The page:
Accra Traders Cry Out


SCORES of traders in Accra metropolis in the Greater Accra Region are crying of imminent collapse of their businesses, attributed the difficult situation to the depreciation in cedis, the rising cost of the clearing of goods at the ports and low patronge of their goods.

The traders have, therefore, called on government of President Nana Addo Dankwa Akufo-Addo to work extra hard to stabilize the cedis against the dollar and also to reduce the current high cost of clearing goods at the ports and economic hardship of the people in the country.

Several of the traders who spoke in an interview with Weekend Today during the recent visit to some market centres in Accra metropolis stated that the levies and taxes imposed on their products sometimes exceed their capital and thus the major reason why imported goods are expensive at the various markets in the country.

The frastrated traders numbered cedi depreciation, bureaucracy, high interest rate, and delay in clearing goods and others as factors accounting to the expensive nature of products in the Ghanaian markets.

They lamented to Today that the situation of cedi depreciation against dollar, high cost of clearing goods at the ports and low patronge of their goods has impacted negatively on their sales and profit margins.

“We are sincerely pleading to the government of President Nana Addo Dankwa Akufo-Addo to impress upon the Minister of Finance, Mr Ken Ofori-Atta to include reduction of import duties in the mid-year budget review which is scheduled to take off on July 16 2019, the traders stressed.

They called pleaded with the Finance Ministry to stabilise the currency from further depreciation against the dollar, saying that the currency depreciation was adversely affecting their businesses.

At a Opera Square business centre in Accra, Mr Jeffrey Dadzie who sells electrical gadgets, fridges, fans, hair dresser products, and office seats and chairs complained bitterly that the patronage of his goods had relatively gone down for the past two years now, attributed the phenomenon to the complaints from the customers of the high prices of their products.

“In the couple of years now some sometimes when we came to the market and desplayed our products for sale, nobody would even come to buy even one item from our shops and stores and we have to close the our stores and shops and go home.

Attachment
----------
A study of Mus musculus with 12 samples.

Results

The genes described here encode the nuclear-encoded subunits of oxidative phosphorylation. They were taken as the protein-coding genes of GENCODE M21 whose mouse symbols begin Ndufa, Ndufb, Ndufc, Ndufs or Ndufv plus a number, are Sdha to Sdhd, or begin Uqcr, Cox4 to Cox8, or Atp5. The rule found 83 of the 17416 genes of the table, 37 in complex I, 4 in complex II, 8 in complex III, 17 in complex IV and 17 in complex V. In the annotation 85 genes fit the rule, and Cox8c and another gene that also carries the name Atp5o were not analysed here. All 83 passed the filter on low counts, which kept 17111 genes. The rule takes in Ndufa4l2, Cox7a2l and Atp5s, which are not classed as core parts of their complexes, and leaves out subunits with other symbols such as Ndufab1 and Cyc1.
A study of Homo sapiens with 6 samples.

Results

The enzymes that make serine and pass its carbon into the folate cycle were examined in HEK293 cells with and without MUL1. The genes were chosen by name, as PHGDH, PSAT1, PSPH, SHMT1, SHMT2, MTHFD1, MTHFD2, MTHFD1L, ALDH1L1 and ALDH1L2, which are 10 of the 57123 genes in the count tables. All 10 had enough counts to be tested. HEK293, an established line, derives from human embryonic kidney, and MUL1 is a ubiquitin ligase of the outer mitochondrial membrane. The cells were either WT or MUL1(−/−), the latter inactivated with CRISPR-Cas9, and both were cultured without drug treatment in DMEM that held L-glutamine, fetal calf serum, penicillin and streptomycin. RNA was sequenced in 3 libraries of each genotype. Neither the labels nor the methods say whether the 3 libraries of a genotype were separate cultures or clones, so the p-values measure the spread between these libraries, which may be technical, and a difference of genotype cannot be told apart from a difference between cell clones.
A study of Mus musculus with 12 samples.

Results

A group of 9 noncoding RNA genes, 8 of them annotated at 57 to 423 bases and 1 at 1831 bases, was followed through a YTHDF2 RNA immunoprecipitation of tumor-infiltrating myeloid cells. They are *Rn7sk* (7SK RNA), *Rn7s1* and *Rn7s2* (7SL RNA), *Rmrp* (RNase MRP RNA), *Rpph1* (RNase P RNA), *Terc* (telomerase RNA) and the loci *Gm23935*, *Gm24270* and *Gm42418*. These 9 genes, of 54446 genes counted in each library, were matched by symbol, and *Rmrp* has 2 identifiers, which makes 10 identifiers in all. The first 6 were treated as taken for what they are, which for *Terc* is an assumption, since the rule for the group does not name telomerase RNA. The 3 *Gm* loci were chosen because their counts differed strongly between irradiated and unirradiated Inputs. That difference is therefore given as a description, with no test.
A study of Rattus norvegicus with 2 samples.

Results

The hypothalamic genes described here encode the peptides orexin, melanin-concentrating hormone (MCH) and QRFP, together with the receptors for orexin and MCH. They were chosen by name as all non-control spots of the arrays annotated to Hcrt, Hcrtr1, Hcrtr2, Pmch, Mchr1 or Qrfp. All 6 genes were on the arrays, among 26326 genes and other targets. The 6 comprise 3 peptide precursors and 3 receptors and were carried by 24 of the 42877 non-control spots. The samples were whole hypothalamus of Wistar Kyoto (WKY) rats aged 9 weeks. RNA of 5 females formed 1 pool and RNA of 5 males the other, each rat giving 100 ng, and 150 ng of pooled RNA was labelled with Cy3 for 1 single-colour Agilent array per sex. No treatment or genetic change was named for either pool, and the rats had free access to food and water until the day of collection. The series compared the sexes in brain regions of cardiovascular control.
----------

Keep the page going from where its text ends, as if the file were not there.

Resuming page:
This is because our customers area complaining bitterly of the current economic hardship and also the increase in the prices of the goods compounded with the high cost of clearing goods at the ports due to the current depreciation of the cedi against dollar.

“Some of the customers would approach us to ask of the prices of the goods in our shops and will tell us that they are going to come back to buy the products and before you realised they would not come back again,” Mr Dadzie stated in the sad mood.

He bemoaned that the recent rise of the low patronge of their goods has made them found it extremely to pay for the rent of their shops and also pay their children school fees as well to feed their families.

Abdual-Karim another trader at Rawlings Park in Accra said though his prices of goods remained same throughout the previous months, customers were not buying them.

Madam Hanatu Seidu at Makola Number, who sells a second clothes said there had been no increase in patronage of her goods before and after the Easter festivities.

According to her, despite the slight price increases in some goods and products, others were having stable prices yet there had not been any increase in patronage.

The traders, therefore, called on duty-bearers and revenue collectors to explore innovative ways to help boost local markets before asking them to pay high cost taxes of doing business.

They further stressed the need of the government to take measures to fix the cedi’s fragility, saying that the high cost of doing business in Ghana is “killing them.”